A monumental building has been found just south of the ancient Old City of Jerusalem, in what is today the neighborhood of Arnona.
An extraordinary number of seals also found at the site and handles of pottery storage jars typical of the Kingdom of Judah in the 8th and 7th centuries B.C.E. were also discovered in the vicinity of the building.
It seems that the excavation has come across a major administrative center that operated under the biblical Judean kings Hezekiah and Menashe, the Israel Antiquities Authority revealed on Wednesday.
Though the function fulfilled by the building, which was situated about 3.5 kilometers south of Jerusalem (at the time) remains unclear, it may possibly have served as a center where taxes – in the form of olive oil, wine and grains, for instance – were collected from the whole region, and stored in the pottery jars.
The collection of seal impressions found in the Arnona excavation, is impressive: 120 of them, used to mark goods as belonging to the king.
The impressions contain the names of four Judean cities: Hebron, Socho, Ziph and “Mmst”. Neria Sapir and Nathan Ben-Ari, directors of the excavations on behalf of the Israel Antiquities Authority, say that Hebron and Socho can be identified with known cities, but the identification of Ziph and “Mmst” remains controversial.
Seventeen of the seals also include eight personal names: Naham Avdi, Naham Hatzlihu, Meshalem Elnatan, Zafan Abmetz, Shaneah Azaria, Shalem Acha and Shivna Shachar. Who they might have been is lost in time but possibly, Sapir suggests, they were the tax collectors.
Likely therefore the jars, each holding a standard 45 liters, were used to store wine, oil or grain collected as tax, and the seals marking them were part of the royal administrations system.
At the time, the site would have been surrounded not by heated drivers stuck in traffic jams like today, but by fields of grain, olive orchards and wineries. Winepresses and oil presses abounded in the area.
Perhaps however this wasn’t just another place where a king accrued wealth, albeit in food form. Another intriguing set of discoveries was pagan clay figurines for instance in the form of women, riders and animals. It is clear from biblical texts abhorring the practice, and discoveries like these that the local people retained their affection for pagan worship in the Iron Age.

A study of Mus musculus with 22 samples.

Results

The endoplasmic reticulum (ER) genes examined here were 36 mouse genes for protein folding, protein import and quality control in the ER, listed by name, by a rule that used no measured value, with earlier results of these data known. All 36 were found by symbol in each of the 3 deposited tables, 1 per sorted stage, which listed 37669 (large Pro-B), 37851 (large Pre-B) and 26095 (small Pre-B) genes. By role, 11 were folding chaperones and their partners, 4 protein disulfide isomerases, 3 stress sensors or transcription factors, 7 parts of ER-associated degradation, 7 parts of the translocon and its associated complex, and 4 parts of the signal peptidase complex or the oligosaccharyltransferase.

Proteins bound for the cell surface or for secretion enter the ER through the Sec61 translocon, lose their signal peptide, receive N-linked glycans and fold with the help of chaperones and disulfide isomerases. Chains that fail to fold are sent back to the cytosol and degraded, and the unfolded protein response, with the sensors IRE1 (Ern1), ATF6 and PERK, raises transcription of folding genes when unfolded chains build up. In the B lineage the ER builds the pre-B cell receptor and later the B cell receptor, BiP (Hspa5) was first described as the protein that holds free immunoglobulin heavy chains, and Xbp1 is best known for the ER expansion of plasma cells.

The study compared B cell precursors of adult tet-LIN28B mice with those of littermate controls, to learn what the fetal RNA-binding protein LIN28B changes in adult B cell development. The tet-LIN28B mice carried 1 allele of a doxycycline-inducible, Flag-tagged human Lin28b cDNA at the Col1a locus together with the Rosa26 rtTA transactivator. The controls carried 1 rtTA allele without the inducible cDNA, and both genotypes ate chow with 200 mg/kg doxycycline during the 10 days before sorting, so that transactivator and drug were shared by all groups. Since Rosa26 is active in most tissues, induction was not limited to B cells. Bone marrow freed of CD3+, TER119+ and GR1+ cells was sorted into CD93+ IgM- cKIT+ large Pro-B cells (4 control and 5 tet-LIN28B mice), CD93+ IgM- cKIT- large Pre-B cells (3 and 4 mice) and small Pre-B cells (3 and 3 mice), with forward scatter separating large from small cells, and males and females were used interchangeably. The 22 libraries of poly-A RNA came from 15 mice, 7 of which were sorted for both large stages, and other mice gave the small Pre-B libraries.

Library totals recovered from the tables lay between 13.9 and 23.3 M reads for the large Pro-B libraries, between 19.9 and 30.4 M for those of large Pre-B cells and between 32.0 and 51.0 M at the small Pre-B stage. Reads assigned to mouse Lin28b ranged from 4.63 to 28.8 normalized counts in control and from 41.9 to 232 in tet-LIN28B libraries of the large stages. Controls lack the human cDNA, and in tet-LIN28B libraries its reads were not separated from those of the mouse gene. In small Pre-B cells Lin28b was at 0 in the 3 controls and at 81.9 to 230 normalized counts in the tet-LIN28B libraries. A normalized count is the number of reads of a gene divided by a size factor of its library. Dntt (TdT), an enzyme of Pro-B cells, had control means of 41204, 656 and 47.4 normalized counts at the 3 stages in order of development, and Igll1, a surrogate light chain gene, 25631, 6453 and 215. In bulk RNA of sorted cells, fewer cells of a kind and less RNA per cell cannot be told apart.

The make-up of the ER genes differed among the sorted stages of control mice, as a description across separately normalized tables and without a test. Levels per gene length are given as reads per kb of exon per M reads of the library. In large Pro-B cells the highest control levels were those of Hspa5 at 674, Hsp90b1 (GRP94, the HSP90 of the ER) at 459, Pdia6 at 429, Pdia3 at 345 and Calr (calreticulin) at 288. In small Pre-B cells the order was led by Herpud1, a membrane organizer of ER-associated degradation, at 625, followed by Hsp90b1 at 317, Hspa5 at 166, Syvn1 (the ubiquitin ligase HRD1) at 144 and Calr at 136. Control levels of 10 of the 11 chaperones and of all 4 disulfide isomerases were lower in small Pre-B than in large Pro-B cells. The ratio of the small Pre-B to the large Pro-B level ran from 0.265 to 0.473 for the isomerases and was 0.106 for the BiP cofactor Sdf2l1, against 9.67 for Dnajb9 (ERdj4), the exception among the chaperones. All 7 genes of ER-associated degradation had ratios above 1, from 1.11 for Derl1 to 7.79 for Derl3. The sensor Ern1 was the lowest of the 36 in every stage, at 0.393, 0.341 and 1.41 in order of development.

It bears adding that the site dates to roughly the time in which the Assyrians conquered the land under the command of King Sennacherib, in 701 B.C.E., in the days of King Hezekiah. Possibly the king was building up stores to prepare for the battle; in any case, the archaeologists say, the Arnona site was repopulated shortly after the fall of the Kingdom of Judea in 586 B.C.E., and administrative activity resumed there: “The array of stamped seals indicated that the system of taxation remained uninterrupted during this period,” the Israel Antiquities Authority, which is in charge of this excavation, says.
“The archeological discoveries at Arnona identify the site as a key site - the most important in the history of the final days of the Kingdom of Judah and of the return to Zion decades after the destruction of the Kingdom,” stated Yuval Baruch, the Jerusalem District Archaeologist of the IAA. “This site joins a number of other key sites uncovered in the area of Jerusalem which were connected to the centralized administrative system of the Kingdom of Judah from its peak until its destruction,” he added.
Finally, the site indicates one other thing, that the kingdom’s administrative activity was also taking place outside the walls, south of Jerusalem proper. Yet at some stage the building was concealed under a gigantic mound of flint stones, rising 20 meters high (almost 66 feet) with a base extending over seven dunams. Similar artificial mounds have also been found west of Jerusalem, and have consistently baffled Jerusalem archaeologists. It is and remains unclear why the people would labor to erect such a large and seemingly useless, structure, or what they might have been trying to hide.